The UK Government is going to “hold firm” with its tax-cutting strategy, despite turmoil in the financial markets, Scottish secretary Alister Jack has insisted.
Prime Minister Liz Truss and chancellor Kwasi Kwarteng met with officials from the Office for Budget Responsibility (OBR) on Friday, a week after the Government set out its mini-budget.
Following the meeting, which appeared to last under 50 minutes, the Treasury stated that an OBR forecast will be published on November 23 when Kwarteng will reveal his medium-term fiscal plan.
Concern has been raised over the impact of the mini-budget, with the pound having plummeted after the announcement in the House of Commons.
It also comes amid a cost of living crisis, with energy bills set to increase for households over winter.
Jack, however, reaffirmed the Government’s commitment to its growth strategy, describing it as the “right one” to pursue.
“What we’re trying to do is we’re trying to progress with the growth strategy, that’s what is important to our economy,” he told the BBC’s Good Morning Scotland programme on Friday.
“We can’t tax our way to growth, no-ones ever been able to do that, we’re trying to create a growth strategy to help us with the challenges we face.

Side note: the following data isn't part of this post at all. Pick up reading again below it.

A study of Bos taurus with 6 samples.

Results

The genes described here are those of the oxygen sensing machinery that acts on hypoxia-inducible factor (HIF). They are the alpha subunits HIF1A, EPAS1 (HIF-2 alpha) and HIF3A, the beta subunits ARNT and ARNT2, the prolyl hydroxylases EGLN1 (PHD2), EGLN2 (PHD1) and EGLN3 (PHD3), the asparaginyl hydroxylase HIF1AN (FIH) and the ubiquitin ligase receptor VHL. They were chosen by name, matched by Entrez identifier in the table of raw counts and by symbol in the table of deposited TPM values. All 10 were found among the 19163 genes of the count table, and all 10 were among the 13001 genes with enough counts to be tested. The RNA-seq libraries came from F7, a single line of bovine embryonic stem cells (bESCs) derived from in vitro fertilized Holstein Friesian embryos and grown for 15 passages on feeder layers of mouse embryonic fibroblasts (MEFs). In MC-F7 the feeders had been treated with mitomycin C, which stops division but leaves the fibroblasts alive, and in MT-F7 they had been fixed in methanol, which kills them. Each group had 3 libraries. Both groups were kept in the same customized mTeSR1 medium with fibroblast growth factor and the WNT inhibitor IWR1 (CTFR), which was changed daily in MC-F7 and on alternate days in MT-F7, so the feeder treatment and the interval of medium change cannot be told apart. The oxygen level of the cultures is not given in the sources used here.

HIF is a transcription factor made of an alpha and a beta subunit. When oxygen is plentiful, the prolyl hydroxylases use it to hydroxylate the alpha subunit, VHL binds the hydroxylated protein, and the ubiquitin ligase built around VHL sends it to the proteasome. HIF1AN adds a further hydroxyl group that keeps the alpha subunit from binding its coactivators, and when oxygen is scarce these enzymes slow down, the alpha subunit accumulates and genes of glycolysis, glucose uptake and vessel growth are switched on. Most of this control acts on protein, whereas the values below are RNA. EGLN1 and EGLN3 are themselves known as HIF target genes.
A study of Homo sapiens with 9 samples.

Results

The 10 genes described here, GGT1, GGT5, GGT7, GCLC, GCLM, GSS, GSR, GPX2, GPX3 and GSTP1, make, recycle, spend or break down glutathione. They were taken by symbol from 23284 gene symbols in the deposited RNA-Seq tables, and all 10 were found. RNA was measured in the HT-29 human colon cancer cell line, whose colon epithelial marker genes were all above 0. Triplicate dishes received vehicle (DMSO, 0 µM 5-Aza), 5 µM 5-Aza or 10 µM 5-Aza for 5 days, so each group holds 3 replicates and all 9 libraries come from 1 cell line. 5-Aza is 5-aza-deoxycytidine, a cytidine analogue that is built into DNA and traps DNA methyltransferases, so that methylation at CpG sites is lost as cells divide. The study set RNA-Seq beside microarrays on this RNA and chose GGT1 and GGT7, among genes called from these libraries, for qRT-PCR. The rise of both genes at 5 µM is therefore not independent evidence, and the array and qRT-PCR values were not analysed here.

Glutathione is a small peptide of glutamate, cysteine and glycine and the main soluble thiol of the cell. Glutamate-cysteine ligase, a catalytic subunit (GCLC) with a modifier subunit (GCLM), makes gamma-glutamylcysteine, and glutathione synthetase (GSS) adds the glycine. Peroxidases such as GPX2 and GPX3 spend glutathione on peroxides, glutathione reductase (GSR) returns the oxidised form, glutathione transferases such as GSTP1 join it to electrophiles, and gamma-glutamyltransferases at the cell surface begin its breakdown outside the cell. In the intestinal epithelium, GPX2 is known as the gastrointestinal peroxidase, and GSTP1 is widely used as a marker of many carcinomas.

“We know that an extra 1% of growth brings an extra £47bn a year of tax into the economy and that’s what this strategy is about.
“This is the first step and we’re going to hold firm with the strategy because we believe it’s the right one.”
Jack told the BBC that it was “plain as day” that Truss would be cutting taxes, after it was put to him that the mini-budget had been a shock.
He said: “Over the summer, she was very clear that she believes that her strategy was to reduce taxes, she and Rishi Sunak argued that out over the summer, he said one thing, she said the other.
“But it shouldn’t come as a shock to anyone when she said she believed the strategy was to be more of a sort of Asian-tiger economy strategy where you keep your higher spending but you grow your economy, and she said to do that she would be cutting taxes.
“To anyone paying any attention to that leadership contest, it was plain as day what was going to happen.”
On Thursday, a YouGov poll reported a 33-point lead in the polls for Labour over the Conservatives.
It represents the highest lead for a party in any recorded poll since the late 1990s.
The Scottish secretary described opinion polls as a “snapshot” of the mood of the country at the time.
He explained that he instead prefers to look at the “longer trends”, underlining the importance of people making their feelings known at the ballot box.
“On opinion polls, I always give the same answer which is the opinion poll that matters is when people go to the polls and cast their vote,” he said.
“We’ve seen opinion polls sway backwards and forwards and while I’ve been in this role I’ve seen them move around dramatically.”
Jack added: “Opinion polls are a snapshot of the mood of the country at the time.
“I prefer to look at the longer trends, but the one that really matters is when people go to the ballot box and that is two years away.”